South African trophy hunter Theunis Botha made a career out of flying to the U.S. and persuading Americans with swollen wallets and shrunken consciences to go to Africa to see breathtaking wildlife—and gun the animals down. But during one such “big-game safari” recently, fate turned the tables.
— New York Daily News (@NYDailyNews) May 22, 2017
Botha was leading a hunt in Zimbabwe near the Hwange National Park on Friday when the group disturbed a herd of elephants during breeding (which their decimated population desperately needs). The hunters said that three female elephants ran toward them, so Botha and others shot at them. A fourth elephant grabbed Botha with her trunk, presumably to keep him from killing her family. Another hunter shot the elephant, and as she fell, she collapsed on top of Botha, crushing him.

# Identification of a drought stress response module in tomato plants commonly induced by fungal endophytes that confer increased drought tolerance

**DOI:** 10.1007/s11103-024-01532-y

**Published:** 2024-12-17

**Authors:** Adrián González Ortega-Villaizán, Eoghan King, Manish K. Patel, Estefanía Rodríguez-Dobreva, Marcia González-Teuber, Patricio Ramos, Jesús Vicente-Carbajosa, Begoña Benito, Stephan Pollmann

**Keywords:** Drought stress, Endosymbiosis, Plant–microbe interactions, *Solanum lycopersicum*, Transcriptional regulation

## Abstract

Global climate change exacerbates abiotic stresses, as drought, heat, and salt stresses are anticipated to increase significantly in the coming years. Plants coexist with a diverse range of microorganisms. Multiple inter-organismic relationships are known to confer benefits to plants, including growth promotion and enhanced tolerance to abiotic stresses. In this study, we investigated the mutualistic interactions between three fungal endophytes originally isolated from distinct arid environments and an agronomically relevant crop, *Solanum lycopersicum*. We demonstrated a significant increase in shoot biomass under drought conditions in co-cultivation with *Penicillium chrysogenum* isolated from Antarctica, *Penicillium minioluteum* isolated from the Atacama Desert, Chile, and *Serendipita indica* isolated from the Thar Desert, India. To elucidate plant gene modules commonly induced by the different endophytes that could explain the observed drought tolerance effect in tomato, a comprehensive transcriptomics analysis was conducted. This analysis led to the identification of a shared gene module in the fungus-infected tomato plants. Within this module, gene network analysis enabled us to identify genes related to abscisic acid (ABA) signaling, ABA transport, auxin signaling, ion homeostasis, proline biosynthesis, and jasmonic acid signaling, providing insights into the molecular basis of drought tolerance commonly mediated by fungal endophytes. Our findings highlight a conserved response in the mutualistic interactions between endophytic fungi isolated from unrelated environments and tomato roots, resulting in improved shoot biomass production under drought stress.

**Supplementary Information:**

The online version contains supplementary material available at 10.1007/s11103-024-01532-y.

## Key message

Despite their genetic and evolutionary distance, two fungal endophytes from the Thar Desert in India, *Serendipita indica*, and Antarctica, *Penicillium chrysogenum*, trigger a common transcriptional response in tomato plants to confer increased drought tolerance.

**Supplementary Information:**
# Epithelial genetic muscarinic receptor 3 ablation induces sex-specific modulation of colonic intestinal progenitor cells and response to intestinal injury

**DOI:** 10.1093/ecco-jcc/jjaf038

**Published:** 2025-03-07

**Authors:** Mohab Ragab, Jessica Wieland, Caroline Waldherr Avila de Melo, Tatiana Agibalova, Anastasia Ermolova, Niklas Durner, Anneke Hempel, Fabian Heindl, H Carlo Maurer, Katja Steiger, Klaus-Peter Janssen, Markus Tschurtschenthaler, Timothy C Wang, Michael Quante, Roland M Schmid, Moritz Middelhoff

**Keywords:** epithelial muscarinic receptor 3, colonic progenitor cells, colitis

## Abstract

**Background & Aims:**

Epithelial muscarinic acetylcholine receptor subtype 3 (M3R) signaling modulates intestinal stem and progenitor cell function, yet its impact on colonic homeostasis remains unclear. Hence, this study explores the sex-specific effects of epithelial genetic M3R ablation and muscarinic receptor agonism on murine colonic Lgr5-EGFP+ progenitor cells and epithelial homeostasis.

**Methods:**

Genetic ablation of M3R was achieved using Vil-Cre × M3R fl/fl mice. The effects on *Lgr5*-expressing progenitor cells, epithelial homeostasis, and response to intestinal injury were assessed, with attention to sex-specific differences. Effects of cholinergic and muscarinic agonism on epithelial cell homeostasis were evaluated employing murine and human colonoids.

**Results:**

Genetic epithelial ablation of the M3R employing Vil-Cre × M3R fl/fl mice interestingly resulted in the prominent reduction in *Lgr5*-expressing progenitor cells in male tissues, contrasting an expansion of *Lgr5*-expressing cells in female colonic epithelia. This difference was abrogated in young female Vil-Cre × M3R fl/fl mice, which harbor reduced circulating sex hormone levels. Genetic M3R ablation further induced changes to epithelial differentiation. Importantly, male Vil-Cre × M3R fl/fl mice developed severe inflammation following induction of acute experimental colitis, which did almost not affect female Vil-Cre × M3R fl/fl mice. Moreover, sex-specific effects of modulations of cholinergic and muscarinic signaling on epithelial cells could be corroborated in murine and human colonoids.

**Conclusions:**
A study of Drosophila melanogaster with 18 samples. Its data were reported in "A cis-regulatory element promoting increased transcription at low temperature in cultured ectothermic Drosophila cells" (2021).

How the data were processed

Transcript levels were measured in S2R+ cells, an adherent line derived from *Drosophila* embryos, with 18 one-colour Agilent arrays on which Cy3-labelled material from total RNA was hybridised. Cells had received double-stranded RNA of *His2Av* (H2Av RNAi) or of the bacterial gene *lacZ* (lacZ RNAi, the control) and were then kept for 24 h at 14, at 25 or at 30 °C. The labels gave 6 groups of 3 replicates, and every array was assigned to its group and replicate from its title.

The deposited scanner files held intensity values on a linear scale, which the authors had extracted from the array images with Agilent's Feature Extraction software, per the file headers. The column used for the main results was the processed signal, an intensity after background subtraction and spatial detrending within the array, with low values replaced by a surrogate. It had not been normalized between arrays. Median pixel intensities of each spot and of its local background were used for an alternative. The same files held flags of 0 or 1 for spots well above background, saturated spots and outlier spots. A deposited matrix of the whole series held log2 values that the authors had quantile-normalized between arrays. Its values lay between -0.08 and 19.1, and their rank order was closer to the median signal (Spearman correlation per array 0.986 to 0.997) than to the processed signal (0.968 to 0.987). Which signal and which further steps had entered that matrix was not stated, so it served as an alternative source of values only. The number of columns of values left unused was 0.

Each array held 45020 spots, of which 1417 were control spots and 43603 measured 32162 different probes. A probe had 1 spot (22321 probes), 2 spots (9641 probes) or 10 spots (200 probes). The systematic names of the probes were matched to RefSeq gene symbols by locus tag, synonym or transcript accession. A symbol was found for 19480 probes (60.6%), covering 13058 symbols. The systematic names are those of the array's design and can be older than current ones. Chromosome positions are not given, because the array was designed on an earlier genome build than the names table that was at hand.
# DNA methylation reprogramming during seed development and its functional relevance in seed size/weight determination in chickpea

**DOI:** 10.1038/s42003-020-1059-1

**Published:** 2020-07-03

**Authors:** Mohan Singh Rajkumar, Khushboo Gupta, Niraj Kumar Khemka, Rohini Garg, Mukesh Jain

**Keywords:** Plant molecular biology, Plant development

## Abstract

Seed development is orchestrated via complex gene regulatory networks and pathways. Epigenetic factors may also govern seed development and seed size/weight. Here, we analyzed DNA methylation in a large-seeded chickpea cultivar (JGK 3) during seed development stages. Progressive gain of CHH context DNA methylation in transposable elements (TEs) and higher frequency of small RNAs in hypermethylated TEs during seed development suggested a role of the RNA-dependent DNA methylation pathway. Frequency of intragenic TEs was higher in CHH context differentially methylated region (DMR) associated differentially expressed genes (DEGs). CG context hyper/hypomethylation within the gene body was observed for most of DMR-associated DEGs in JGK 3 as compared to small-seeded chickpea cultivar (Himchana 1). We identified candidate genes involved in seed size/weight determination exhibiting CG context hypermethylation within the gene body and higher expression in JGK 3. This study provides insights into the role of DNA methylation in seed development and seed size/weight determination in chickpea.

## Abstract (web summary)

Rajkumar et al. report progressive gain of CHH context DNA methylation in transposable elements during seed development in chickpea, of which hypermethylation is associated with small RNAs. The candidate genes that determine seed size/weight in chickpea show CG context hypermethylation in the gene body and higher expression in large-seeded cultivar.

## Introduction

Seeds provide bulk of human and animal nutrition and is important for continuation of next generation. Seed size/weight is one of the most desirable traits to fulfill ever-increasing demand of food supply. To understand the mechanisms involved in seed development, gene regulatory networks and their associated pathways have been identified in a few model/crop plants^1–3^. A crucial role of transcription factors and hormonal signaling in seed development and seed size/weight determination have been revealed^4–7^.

— WSVN 7 News (@wsvn) May 22, 2017
People rightfully have sympathy for the Botha family’s loss. But they aren’t the only ones whose beloved family member was killed that day. Because of Botha and the killing sprees he led, countless elephants, lions, leopards, crocodiles, and other animals watched as their loved ones were slain for a wall mount. Helping to save their lives instead would have saved his.
National Geographic‘s Dereck Joubert estimates that there are about 20,000 lions left in Africa. Just 50 years ago, there were 450,000—a 95 percent decline. Trophy hunters, usually American, kill about 600 of them every year. They also kill about 5,000 leopards every year. There are only 50,000 left. The current population of African elephants is about 300,000, and up to 40,000 are killed every year. It isn’t hard to see that at this rate, elephants and other wild animals won’t be around much longer.
And African communities benefit far more from wildlife tourism. As reported by NPR, “Nature tourism generates 13 to 15 times more revenue than trophy hunting.”
Here’s hoping that Botha’s story compels other safari leaders to start shooting animals with cameras, not guns.